Southwest Airlines Stays Quiet After Removing Crying Woman From Flight


Southwest Airlines, known for its quick and transparent communications strategies, remained quiet in spite of a potential PR black eye. On Wednesday, July 27, two sisters flying on a Southwest Airlines flight to visit their father, who had recently suffered a heart attack, were kicked off the flight after one began crying and asked a flight attendant for a glass of wine, reported ABC News. 

Ricci Wheatley and Robin Opperman were on Southwest flight 1259 from Oakland to Dallas when Wheatley became anxious because she is afraid of flying.

"I broke down and started to cry," Wheatley told ABC News, "and I'm a little bit afraid to fly, so I said to the stewardess as she was passing, 'When you're going to be serving, I'll have a glass of wine,' and she said, 'I think you've had enough.' Of course I hadn't had any on the airplane." 

Robin said her sister was crying softly and quietly, and that “it was not a crying that anybody would hear." After the encounter with the flight attendant, the sisters were removed from the flight.

Whitney Eichinger, senior manager of public relations at Southwest Airlines, told PR News, “We do feel like our flight crew responded to the situation appropriately. One of these customers entered into a verbal altercation with one of our flight attendants and the flight attendant deemed the customer unfit to fly.”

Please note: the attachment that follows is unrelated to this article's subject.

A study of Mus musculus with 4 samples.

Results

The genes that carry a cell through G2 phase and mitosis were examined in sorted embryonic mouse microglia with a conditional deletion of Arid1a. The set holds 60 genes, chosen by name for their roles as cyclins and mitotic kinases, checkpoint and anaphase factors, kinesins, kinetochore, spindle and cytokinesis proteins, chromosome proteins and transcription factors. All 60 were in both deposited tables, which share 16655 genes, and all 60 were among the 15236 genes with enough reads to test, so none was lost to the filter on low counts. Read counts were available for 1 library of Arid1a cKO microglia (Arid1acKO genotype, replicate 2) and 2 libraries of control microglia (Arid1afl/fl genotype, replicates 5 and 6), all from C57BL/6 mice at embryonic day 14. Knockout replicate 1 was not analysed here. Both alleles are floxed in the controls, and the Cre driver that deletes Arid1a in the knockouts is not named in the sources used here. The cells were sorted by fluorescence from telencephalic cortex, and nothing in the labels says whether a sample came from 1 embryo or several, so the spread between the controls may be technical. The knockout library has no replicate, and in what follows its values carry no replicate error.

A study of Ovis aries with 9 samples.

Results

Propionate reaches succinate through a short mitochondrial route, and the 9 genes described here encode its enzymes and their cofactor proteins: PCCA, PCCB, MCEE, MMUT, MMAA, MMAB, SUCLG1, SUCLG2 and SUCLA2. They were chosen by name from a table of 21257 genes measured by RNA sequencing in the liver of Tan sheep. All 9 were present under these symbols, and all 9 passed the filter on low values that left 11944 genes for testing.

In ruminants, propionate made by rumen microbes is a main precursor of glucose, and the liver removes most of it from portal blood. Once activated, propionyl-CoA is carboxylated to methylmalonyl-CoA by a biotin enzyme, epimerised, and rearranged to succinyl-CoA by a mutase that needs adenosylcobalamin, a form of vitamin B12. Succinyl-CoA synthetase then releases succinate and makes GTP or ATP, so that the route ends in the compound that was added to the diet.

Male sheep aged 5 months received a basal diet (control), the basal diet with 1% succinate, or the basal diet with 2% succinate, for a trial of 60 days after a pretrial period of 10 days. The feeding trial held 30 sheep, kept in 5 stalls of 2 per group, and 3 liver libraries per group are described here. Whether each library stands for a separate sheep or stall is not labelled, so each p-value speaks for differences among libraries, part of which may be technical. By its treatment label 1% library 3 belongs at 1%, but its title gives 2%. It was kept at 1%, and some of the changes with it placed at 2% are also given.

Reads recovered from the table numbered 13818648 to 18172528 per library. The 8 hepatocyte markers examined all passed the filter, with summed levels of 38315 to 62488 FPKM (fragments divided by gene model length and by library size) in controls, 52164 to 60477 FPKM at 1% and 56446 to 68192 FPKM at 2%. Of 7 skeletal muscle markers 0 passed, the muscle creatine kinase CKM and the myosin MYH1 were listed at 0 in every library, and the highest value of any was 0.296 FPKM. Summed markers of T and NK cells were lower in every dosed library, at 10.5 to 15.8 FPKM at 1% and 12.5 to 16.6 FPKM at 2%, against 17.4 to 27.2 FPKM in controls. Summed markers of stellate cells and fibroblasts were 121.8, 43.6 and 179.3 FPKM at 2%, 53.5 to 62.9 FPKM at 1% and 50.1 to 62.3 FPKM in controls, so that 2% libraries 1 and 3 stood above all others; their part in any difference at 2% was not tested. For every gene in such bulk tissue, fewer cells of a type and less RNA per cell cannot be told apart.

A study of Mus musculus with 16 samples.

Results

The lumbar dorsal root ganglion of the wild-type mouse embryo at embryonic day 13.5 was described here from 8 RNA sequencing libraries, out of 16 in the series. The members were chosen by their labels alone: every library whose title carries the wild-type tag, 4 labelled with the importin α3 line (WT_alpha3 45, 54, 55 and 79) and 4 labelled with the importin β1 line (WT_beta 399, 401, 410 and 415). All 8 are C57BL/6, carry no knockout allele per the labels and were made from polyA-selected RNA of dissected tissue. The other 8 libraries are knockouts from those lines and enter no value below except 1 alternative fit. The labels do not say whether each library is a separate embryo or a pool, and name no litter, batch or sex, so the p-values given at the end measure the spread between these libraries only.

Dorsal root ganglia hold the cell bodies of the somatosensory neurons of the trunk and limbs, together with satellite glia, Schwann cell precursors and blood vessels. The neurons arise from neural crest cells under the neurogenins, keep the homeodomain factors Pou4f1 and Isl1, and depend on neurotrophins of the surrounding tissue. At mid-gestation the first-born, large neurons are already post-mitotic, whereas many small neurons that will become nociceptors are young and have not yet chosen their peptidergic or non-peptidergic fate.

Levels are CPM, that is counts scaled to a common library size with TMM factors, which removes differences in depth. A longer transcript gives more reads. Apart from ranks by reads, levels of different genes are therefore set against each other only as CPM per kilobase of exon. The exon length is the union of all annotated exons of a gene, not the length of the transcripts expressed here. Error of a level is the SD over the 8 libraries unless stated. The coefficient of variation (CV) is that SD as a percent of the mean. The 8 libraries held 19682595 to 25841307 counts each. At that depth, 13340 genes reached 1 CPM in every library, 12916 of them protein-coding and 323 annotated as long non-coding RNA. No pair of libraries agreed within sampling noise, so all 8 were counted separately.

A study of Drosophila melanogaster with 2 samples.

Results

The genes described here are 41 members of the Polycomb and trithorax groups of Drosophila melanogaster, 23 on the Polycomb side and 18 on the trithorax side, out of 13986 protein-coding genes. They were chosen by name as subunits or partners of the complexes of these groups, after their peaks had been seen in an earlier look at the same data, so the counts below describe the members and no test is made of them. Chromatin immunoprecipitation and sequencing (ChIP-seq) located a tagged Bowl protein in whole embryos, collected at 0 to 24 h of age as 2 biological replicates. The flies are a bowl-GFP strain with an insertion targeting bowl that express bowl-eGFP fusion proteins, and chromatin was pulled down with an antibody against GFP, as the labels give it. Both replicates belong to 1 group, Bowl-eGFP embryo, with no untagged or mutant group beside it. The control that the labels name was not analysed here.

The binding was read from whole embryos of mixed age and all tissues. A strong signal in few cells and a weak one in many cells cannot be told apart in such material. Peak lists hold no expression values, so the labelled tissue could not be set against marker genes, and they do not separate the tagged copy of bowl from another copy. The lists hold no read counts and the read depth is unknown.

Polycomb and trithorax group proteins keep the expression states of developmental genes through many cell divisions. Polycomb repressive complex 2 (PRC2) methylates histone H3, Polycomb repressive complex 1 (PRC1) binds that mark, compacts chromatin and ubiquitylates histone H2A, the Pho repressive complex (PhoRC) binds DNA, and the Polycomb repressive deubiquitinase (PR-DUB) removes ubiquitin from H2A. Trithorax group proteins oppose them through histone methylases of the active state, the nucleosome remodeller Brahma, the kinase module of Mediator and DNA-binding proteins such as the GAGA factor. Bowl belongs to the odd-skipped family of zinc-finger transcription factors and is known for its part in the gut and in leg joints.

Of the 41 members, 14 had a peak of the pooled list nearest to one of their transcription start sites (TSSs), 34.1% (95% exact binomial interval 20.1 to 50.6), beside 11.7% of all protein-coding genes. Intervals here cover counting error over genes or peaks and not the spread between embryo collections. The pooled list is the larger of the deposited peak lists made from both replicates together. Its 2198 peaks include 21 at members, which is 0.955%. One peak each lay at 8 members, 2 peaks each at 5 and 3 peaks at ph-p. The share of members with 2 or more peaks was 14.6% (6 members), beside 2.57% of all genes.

Eichinger said the two customers were booked on the next available flight, which was the following morning.

As an airline that has spent decades building relationships with the media and its customers, Southwest has established a culture of openness, a commitment to communication and the ability to quickly take action, as proven by its recent handling of a situation in which it had to ground its fleet after having one of its planes rip open in midair. 

Rather than jumping out in front of a potential powder keg situation that could ignite the blogosphere, Southwest chose not to issue a formal statement on its blog or social media outlets to address the situation, an uncharacteristic move for the airline. 





    This is another example of Southwest “covering” for employees who mistreat passengers. I’ll probably pass out if I ever read something along the lines of “Our flight attendant over-reacted and we owe our customer an apology.”

    At Southwest, it’s not the customer whose always right, it’s their employees.